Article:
A Maryland man charged with murdering his pregnant girlfriend currently is not facing charges for killing her unborn baby.
Tyler Tessier, 33, of Maryland, allegedly killed his pregnant girlfriend, Laura Wallen, 31, and her unborn child in September and dumped Wallen’s body in a shallow grave in Damascus, Maryland, according to WTOP News.
Tessier only faces charges for his girlfriend’s death. However, the pro-life advocacy group Americans United for Life recently asked acting U.S. Attorney for Maryland Stephen Schenning to consider charging Tessier for the unborn baby’s death as well, according to the report.
“We respectfully urge that your office explore the possibility of asserting federal jurisdiction in this case, and if possible, initiate criminal prosecution of Tyler Tessier under the Unborn Victims of Violence Act for the murder of Laura Wallen’s unborn child,” AUL President Catherine Glenn Foster wrote.
Maryland does have a fetal homicide law; however, it only applies to unborn babies who are viable outside the womb. It also says that the person must have intended to cause harm or death to the unborn child or acted in a way that recklessly disregarded the potential of harming or killing the unborn child.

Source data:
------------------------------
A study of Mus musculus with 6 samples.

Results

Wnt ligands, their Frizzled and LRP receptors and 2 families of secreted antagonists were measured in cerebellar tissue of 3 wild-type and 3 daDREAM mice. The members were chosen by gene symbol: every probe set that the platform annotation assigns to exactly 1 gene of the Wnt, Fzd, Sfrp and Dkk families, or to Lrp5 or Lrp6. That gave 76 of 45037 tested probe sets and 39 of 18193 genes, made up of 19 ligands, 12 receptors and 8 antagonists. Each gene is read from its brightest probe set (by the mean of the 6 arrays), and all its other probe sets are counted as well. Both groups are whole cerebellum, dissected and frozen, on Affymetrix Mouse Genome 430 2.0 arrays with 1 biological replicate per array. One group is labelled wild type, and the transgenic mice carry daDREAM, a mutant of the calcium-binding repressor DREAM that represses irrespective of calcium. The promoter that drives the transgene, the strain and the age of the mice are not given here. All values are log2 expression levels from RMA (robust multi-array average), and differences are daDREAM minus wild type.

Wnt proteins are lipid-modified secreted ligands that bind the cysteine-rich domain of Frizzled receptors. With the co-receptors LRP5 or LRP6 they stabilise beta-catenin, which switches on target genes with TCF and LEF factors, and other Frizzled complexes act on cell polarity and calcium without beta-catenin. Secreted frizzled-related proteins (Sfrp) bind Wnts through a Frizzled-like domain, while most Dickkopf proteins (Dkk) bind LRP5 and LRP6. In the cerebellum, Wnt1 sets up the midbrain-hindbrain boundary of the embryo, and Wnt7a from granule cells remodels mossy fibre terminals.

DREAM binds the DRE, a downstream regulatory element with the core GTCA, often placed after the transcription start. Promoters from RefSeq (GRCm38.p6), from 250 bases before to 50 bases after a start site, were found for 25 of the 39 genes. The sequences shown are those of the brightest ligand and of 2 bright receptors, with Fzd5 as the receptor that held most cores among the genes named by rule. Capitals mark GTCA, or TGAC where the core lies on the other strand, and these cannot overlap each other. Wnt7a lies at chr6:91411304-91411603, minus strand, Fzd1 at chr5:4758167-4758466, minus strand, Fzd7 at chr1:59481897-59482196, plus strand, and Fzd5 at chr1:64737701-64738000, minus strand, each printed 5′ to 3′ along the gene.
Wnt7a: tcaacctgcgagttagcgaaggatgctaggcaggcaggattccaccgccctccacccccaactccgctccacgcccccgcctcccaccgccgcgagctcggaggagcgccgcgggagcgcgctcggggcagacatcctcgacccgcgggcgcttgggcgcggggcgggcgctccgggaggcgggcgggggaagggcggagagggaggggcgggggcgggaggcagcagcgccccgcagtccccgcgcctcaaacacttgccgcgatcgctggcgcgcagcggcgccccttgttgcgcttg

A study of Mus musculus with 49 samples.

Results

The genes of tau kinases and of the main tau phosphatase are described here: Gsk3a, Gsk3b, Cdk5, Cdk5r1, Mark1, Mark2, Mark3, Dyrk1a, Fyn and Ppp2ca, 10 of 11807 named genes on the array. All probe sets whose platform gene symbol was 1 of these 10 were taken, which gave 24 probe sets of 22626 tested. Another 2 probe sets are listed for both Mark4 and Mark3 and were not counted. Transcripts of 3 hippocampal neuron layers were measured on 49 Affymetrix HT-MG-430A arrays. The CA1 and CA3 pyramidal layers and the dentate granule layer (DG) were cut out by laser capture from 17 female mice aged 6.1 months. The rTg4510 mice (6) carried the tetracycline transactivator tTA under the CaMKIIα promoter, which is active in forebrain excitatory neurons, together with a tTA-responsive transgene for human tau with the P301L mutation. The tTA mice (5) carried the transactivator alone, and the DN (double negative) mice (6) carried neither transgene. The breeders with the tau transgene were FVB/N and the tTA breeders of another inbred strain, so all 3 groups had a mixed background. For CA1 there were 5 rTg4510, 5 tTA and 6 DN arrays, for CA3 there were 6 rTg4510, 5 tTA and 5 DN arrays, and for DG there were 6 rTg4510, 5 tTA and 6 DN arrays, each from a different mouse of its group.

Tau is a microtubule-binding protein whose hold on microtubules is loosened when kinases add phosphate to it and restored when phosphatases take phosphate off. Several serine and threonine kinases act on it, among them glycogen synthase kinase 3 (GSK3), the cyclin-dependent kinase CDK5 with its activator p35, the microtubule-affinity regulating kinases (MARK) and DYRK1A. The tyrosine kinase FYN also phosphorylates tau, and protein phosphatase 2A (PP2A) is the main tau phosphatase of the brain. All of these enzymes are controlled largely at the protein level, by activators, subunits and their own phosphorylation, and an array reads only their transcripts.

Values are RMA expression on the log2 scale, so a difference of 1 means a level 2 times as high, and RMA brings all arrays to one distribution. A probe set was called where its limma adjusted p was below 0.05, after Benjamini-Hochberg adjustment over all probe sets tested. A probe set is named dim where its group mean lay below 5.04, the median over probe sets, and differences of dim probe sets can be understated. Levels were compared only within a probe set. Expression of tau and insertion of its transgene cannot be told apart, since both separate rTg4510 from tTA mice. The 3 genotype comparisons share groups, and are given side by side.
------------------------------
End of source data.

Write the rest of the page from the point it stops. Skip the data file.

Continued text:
Wallen was four-months pregnant with her unborn child when they were killed, according to the report. By four months, an unborn child is nearly fully developed; however, they are not viable yet.
In September, Montgomery County attorney John McCarthy said Tessier probably would not be charged for the unborn baby’s death.
However, this week, a spokesperson for McCarthy responded to Foster’s letter by saying they have not ruled out charges for the unborn baby’s death.
Currently, 37 states have laws that recognize the unlawful killing of an unborn child as homicide in at least some circumstances, according to the National Right to Life Committee. Soon to be 38, New Hampshire lawmakers recently passed a bill to protect unborn babies who are victims of non-abortion violence.
A few states still do not provide justice for unborn victims of violence. In 2015, Colorado lawmakers rejected a bill to protect unborn victims in their state.
The bill was prompted by a gruesome crime involving Dynel Catrece Lane, who was arrested and later convicted for attacking a pregnant woman and cutting her 7-month unborn baby from her womb. In this unbelievable act of violence, the baby died but the mother, Michelle Wilkins, survived.
In 2016, a judge sentenced Lane to 100 years of prison for assaulting and attempting to murder Wilkins, but Lane did not face charges for Wilkins’ unborn daughter’s death.